The arrangement of objects, sculpture, and images into immersive installation has become a constant for Anthea Hamilton, whose work frequently mines heterogeneous image sources. This includes The Prude, her first exhibition at both London locations of Thomas Dane Gallery.
For the prude, modesty becomes extreme. The prude will not permit themselves, or others, sensuous enjoyment in life. Hamilton's interest in the literary figure of 'the prude' in part, references Cecil Vyse—the aloof character of E.M Forster's A Room with a View (1908). Perceiving himself a sensitive intellectual, Vyse in reality, remains detached from lived experience. This obstinate self-awareness is matched by a cultivated, exaggerated style. This skewed mode of being, the prude-as-persona, serves a framework for the exhibition, where the prude is put to use as a proxy for Hamilton, who performs a 'hands off' physicality.
The balance of materiality and economy is consistent with Hamilton's practice, where tactile surfaces are often conceived through digital production. Suggestive of previous exhibitions and series, The Prude is largely a continuation of Hamilton's The New Life at Secession, Vienna (2018). Four distinct interiors emphasise the confluence of domestic and gallery space through a number of wall treatments: airbrushed, textile clad and digitally printed wallpapers.
The Prude also challenges relationships of scale and content, with large soft sculptures of moths and butterflies, and extravagant stone, marble, and walnut wavy boots. The effect is less an analysis of artifice, more a consideration of the way objects and images may influence meaning when treated to different processes of realisation.
Though Hamilton's use of material may appear mercurial, her approach to form remains acute. Hamilton's interest in the reducibility and expansion of spaces—in meaning, and as objects—harmonises visual material to a level plane. Here, bodies of research co-exist in a manner that questions the remit of research itself. The recurrence of familiar forms composes this reflexivity: both the work and Hamilton's original interests are situated under renewed scrutiny. Here, the works behave twofold: they are objects as receivers of ideas, while appearing to emit ideas themselves.
Hamilton's work holds an internal logic based on the cultural connections of things: the implicit subtext of an idea, the lineage and physical sensibilities of images, or the curiosity and adaptability of an object's ontology. Tracing the shifting usages and sensitivities of an image, Hamilton brings the frequencies of authenticity and artifice into plain relief—their competing status collapsing. Multiple images or materials may extrapolate from one nucleus: a moth species, an Ed Ruscha gradient, a Robert Crumb figure, a Hamilton tartan swatch. The fundamental economy of Hamilton's choice however, allows the obvious to be both simple and complex; the permutations are high, though the 'origin' is concentrated and transformational.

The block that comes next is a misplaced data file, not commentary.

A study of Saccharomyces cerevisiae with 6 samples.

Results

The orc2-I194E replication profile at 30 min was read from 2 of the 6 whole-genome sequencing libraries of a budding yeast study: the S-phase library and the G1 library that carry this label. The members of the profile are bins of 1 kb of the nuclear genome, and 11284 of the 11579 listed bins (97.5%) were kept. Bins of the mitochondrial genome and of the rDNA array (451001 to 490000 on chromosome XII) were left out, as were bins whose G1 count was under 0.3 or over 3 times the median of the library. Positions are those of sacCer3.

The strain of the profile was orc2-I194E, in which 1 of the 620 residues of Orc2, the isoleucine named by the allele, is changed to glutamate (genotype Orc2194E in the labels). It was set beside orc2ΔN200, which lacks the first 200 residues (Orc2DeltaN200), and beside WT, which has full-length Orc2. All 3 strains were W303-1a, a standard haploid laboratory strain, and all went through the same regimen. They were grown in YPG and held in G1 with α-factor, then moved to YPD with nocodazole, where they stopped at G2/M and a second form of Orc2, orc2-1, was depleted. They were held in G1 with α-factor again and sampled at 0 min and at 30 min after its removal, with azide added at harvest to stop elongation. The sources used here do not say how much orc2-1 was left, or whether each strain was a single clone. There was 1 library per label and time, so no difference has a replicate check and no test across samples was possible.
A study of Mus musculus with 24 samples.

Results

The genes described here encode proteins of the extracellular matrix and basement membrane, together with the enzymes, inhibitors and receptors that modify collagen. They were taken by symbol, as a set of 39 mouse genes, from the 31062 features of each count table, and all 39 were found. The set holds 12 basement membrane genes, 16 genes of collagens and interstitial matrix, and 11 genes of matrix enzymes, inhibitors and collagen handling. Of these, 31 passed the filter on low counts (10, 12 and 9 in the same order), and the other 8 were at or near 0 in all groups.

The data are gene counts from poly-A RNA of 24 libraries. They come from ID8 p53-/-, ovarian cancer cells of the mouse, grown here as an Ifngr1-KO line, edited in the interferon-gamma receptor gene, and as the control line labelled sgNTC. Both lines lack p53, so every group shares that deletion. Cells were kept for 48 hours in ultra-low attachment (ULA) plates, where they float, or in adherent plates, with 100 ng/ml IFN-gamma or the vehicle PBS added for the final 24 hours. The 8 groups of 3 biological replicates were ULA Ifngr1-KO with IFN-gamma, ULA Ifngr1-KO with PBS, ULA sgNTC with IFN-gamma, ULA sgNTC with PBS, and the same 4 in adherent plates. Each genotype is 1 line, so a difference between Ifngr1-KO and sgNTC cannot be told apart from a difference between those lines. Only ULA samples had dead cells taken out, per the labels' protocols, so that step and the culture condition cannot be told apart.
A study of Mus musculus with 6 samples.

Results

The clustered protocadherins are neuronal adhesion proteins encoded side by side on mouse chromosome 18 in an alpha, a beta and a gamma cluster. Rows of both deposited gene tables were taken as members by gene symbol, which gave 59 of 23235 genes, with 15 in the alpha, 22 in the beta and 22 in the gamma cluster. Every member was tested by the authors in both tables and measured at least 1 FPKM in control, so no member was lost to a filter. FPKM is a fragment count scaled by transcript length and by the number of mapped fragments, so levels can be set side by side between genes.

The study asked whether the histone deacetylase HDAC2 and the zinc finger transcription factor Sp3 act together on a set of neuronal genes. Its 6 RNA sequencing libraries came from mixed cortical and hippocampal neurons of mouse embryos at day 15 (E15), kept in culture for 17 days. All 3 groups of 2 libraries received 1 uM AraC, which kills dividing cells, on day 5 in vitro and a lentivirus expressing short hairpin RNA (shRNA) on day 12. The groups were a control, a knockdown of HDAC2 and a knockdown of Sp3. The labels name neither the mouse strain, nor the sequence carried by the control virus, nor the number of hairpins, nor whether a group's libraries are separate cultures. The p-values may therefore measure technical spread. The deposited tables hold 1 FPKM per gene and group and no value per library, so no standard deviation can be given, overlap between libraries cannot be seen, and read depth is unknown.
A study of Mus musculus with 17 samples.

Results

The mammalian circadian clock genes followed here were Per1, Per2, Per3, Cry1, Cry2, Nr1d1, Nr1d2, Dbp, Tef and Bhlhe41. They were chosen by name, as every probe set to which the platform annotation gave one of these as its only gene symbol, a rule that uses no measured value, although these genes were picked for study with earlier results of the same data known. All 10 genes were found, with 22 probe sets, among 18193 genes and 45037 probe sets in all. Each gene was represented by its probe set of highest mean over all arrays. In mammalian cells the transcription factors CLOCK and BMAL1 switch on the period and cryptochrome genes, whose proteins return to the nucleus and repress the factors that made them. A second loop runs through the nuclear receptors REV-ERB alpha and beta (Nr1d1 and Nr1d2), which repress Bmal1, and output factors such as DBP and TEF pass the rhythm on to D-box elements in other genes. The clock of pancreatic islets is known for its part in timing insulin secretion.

Anthea Hamilton was born in London in 1978, where she lives and works. She was one of four shortlisted artists for the 2016 Turner Prize. Recent solo exhibitions include: The New Life, Secession, Vienna, Austria (2018); The Squash, Tate Britain, London (2018); Anthea Hamilton Reimagines Kettle's Yard, Hepworth Wakefield, Wakefield, (2017); Lichen! Libido! Chastity!, SculptureCenter, Long Island City, New York (2015); Kabuki, The Tanks, Tate Modern, London (2012); Sorry I'm Late, Firstsite, Colchester (2012); Les Modules, Foundation Pierre Berge - Yves Saint Laurent, Palais de Tokyo, Paris, France (2012). Her work has been presented as part of the British Art Show 8 and in numerous international venues including: the Schinkel Pavilion, Berlin (with Nicholas Byrne), the 13th Lyon Biennale, and the 10th Gwangju Biennale.
Press release courtesy Thomas Dane Gallery.
The dancing badger is nowhere to be seen. Missing too is the gold and white bird with the tie-dye socks. The install at Mayfair's Thomas Dane Gallery is well under the way. I tip-toe through wet paint and plastic sheeting. We speak over the metallic blast of drills. Maybe the animals of 'The Squash' will join us for the opening party. Anthea...
'I never look very excited,' Anthea Hamilton tells me, fixing me with a withering stare. 'I think that's quite well known. It's just how I am.' We're standing in the middle of Mayfair's Thomas Dane Gallery, mere days before her latest show is due to open.
Anthea Hamilton's first exhibition with Thomas Dane confirms that she has lost none of her powers of disquieting transformation since her Duveens project at the Tate Britain last year. This involved gourd-headed performers lolling and posing in a gridded white tiled terrain dotted with historical sculpture from Tate's collection.